Study identifies molecule that limits excessive expansion of heart muscle cells
When the heart is subjected to stress, such as high blood pressure, it responds by expanding, both at the level of the whole organ and some of its chambers, and also at the level of single cells. Although the swelling of heart muscle cells, called cardiomyocytes, has been investigated, the molecular mechanisms that promote and inhibit this process have remained unclear. Researchers centered at Osaka University have now identified a protein that restrains the speeding up of activity and expansion of cells that usually occur under stressful conditions. This novel finding explains how the establishment of oversized cells can be prevented in the heart muscle, which could lead to treatments to limit heart expansion linked to heart failure.
Cardiac hypertrophy occurs when the heart muscle is placed under higher stress than normal and needs to develop greater bulk to adapt. At the cellular level, cardiomyocytes are induced to increase size by speeding up production of proteins and other components. The production line from genes to proteins includes the intermediate of RNA, which forms an extra regulatory level determining the overall composition of proteins within a cell. Therefore, to understand the swelling of cardiomyocytes under stressful conditions due to increased production of proteins, it is necessary to clarify the overall regulation of RNA within these cells.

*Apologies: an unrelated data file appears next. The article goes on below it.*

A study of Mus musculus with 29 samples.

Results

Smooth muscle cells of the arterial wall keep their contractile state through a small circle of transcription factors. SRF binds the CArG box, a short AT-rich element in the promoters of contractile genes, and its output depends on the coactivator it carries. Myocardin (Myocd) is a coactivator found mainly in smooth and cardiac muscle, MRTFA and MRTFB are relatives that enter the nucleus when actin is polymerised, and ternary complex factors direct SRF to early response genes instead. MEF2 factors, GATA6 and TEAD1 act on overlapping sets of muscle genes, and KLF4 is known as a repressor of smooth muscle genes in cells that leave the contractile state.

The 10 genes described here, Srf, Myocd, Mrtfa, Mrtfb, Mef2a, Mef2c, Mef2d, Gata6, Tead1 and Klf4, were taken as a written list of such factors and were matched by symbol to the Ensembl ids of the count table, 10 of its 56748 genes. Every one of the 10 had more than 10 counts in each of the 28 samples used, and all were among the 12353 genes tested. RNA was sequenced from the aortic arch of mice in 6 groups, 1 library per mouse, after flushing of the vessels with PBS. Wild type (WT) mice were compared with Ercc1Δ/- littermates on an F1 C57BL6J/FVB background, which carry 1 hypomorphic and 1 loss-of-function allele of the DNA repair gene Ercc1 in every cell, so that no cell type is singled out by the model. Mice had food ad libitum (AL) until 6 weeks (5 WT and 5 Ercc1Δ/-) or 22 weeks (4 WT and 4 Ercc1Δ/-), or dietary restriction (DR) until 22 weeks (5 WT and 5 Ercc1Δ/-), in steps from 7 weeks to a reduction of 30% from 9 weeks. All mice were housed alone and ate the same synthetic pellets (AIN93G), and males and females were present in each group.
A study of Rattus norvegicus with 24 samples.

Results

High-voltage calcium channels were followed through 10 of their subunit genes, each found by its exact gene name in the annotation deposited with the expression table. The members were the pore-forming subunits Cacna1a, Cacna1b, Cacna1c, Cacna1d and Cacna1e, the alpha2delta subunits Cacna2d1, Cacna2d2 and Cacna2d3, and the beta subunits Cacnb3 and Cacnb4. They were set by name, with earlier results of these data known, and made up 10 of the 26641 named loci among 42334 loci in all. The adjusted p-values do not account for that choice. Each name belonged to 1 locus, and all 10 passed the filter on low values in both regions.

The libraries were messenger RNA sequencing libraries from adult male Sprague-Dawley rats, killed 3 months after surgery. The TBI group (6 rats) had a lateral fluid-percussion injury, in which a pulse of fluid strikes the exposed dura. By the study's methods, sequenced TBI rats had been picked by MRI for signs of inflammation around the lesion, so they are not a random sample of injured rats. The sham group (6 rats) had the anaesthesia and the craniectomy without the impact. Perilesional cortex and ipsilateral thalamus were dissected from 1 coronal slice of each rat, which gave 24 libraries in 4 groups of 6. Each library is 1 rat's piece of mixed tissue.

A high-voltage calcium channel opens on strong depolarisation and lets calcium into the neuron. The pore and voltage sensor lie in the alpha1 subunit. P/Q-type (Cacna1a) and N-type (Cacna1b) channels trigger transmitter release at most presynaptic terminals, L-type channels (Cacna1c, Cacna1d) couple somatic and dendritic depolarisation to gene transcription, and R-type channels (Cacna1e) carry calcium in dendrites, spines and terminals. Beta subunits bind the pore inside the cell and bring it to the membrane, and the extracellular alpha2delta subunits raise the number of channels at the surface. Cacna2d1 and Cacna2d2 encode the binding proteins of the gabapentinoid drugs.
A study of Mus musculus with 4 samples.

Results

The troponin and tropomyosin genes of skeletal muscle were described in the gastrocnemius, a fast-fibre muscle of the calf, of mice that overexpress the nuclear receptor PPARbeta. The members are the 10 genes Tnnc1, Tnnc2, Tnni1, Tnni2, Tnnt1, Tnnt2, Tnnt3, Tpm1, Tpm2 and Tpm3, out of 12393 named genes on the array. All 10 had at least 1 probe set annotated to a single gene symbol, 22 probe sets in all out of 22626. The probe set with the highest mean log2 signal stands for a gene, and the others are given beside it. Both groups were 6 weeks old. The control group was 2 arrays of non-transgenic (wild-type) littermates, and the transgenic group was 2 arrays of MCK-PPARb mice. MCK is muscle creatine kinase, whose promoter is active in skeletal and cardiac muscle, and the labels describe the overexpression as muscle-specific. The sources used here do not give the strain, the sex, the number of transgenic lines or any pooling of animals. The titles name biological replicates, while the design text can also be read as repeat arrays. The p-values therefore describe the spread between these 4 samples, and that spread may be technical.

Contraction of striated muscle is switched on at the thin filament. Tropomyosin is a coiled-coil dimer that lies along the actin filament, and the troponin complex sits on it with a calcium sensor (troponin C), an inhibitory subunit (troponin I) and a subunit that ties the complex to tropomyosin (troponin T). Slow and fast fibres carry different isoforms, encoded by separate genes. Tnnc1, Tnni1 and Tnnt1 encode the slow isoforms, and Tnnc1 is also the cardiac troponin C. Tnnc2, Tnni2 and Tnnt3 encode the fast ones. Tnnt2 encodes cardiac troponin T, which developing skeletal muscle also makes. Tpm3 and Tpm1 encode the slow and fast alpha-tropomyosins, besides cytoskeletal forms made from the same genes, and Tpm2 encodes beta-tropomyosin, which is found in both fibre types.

The new study has provided a major advance in this field by identifying the protein Btg2 as a global regulator of RNA within cardiomyocytes. By performing imaging of single cells, the induction of excessive expression of this protein within stressed cardiac tissue was found to reduce the size of cardiomyocytes, showing that Btg2 is a factor that limits cardiac hypertrophy.
"We first focused on the targets of the protein Myc, which is known to increase the size and anabolic activity of cardiomyocytes," says corresponding author Shuichiro Higo. "We found that Btg2 was especially strongly induced by Myc, but that these two proteins had opposite effects on the level of RNA in these cells. This suggests they are on opposing sides of a system regulating protein production and cell size."
Application of single-cell imaging in this study enabled the team to identify where Btg2 was active within the cell, which was combined with functional analysis to determine the mechanisms by which it induced a reduction in global RNA level. The findings showed that Btg2 interacts with cellular machinery that breaks down RNA, which explains its association with reduced protein production and, thus, smaller cells.
"We now have a much better understanding of the mechanisms by which heart cells can not only expand in response to stress, but also limit this expansion," Higo says. "We may be able to harness these mechanisms to reduce some of the problems associated with long-term cardiac hypertrophy and heart disease."